Inspiring girls' education

Updated Jul 19, 2019
5 - Minute Read
My parents were from in a small village in France. Their schooling was cut short because of the war, so they didn’t value education to better their children’s lives. I came to Canada as a 19-year-old, knowing very little English. For two years, I worked as a maid and private cook, earning just $250 a month.
 
Eventually, I went to university, earned a master’s degree and became a teacher. Unlike my parents, I value education, as I believe it opens many doors. Yet I know that, around the world, many girls don’t have the chance to go to school. I vowed a long time ago to try and help girls to get an education. 
 
As soon as I could afford it, I became a sponsor. That was 22 years ago. In that time, I have sponsored three young girls: the first from Mali, the second from the Philippines and the third, Chantsa, from Mongolia.
 
I began sponsoring Chantsa two or three years ago, when she was just six years old. I chose a younger girl, so I could really help support her education from the beginning.
 
Initially, I was skeptical of how my sponsorship would help. I would often wonder, where’s the money really going? This curiosity fueled my decision to go on a trip to Mongolia and meet Chantsa.
 
Child sponsor pose with sponsored child, her parents and sibling in a sunny day.
Meeting Chantsa and her family

 
It was a long journey to reach her. Since her school is 1,000 kilometers outside the capital city, it took our group a day and a half to get there! Chantsa’s parents are herders and live 60 kilometers outside the nearest town. Herders migrate with their animals (horses, yaks, goats, sheep), so she lives with her grandparents while she goes to school. They come back to visit her about four times a year.
 
A father sits on the floor with his two small children, who are sponsored by World Vision Canada donors.One of the herding families that Marie met on her trip. Their children are able to attend school thanks to World Vision’s influence
 
I saw many other inspirational women on my trip. I visited a women’s sewing group in a nearby town. They were deeply grateful that World Vision provided them with essentials, like industrial sewing machines, to help start their business.
 
Child sponsor shakes hand with a woman outside a local building. Her sponsored child stands next to her.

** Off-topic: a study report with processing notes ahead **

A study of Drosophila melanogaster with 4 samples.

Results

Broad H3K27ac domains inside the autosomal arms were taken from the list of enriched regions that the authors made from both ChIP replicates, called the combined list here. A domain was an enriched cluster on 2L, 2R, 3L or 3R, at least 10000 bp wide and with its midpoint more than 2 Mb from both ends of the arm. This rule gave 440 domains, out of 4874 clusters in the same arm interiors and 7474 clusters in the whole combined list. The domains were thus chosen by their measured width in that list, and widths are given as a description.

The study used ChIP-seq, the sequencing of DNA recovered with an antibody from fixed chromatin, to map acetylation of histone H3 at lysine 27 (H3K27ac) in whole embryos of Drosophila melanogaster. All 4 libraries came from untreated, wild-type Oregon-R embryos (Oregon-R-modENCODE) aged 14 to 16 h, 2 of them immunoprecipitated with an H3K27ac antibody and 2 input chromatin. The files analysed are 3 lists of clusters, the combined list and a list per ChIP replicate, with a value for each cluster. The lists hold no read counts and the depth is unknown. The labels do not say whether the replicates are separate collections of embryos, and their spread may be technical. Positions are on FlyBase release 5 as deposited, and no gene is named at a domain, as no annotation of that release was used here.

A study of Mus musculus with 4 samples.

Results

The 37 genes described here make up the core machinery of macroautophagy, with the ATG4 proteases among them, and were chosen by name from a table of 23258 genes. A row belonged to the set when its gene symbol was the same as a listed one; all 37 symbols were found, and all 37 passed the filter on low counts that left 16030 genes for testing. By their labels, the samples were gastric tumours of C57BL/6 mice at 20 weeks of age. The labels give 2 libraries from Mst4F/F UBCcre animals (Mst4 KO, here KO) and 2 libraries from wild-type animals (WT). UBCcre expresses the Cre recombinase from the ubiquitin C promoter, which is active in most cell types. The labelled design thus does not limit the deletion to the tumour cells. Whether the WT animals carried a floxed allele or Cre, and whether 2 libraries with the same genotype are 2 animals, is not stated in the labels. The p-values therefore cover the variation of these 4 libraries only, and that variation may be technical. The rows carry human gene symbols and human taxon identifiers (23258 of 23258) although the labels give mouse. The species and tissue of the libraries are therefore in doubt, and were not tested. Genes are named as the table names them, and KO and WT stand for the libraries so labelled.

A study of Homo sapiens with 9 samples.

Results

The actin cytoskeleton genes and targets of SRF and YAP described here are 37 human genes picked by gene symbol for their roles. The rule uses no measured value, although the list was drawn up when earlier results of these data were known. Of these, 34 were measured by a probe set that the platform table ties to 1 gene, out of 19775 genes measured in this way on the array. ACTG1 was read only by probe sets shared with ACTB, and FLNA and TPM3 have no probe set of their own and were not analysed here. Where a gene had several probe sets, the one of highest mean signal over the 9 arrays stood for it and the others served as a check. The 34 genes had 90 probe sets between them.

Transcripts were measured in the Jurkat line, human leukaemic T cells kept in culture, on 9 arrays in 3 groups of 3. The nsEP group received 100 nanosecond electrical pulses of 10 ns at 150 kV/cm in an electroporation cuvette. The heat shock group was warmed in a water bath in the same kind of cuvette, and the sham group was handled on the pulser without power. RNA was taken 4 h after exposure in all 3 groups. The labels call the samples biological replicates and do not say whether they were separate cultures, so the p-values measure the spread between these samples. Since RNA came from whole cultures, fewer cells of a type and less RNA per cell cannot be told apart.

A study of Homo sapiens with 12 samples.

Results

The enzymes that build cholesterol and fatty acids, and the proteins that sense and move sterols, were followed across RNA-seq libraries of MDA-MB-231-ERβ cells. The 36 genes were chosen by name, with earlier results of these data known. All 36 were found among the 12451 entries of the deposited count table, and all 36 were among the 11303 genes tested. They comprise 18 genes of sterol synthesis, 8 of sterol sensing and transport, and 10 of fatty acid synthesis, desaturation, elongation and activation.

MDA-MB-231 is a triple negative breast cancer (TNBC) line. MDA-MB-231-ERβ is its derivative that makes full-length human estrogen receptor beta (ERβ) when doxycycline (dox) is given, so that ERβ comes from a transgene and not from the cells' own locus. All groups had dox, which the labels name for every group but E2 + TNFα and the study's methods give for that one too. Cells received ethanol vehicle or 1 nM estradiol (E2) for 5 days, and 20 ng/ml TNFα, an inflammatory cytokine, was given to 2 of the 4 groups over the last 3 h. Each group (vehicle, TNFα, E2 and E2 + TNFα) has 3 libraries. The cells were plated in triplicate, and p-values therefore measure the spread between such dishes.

Marie meeting the principal of Chantsa’s school

 
One bakery that captured my heart was employed solely with single mothers and sponsored by World Vision.
 
I also saw a children’s music programs in action, a new, safer playground and better plumbing systems, to replace the outhouses in local schools. I met many World Vision staff, and was even told there are around 300 staff in Mongolia serving 45,000 children.
 
I realized very quickly, that my money doesn’t just go toward Chantsa, it goes to her community as well.
 
A group of young people play traditional musical instruments from Mongolia inside a classroom.
The music program at one of the schools in Mongolia

 
Unless you see it with your own eyes, you can only sort of read about it and imagine, but it’s not the same.
 
All around the world, there are millions of children in need of support. I was thrilled to know that my monthly contribution of 40 dollars helps quite a bit.
 
All the people I met during my visit were very grateful to World Vision for all the help they receive. I now know that any contribution I make transforms lives.
 
I’m hoping to go back and see Chantsa again. As a teacher, I would have loved to visit her school, perhaps sit in on an English class.
 
A drawing made by a World Vision Canada sponsored child.
 
As I was leaving, she gave me a drawing of me coming in the car and meeting her and her family. She wrote, “Thank you for coming to visit me!”
 
I hope Chantsa continues in her studies - I want her to have more opportunities in her life, and that starts with an education.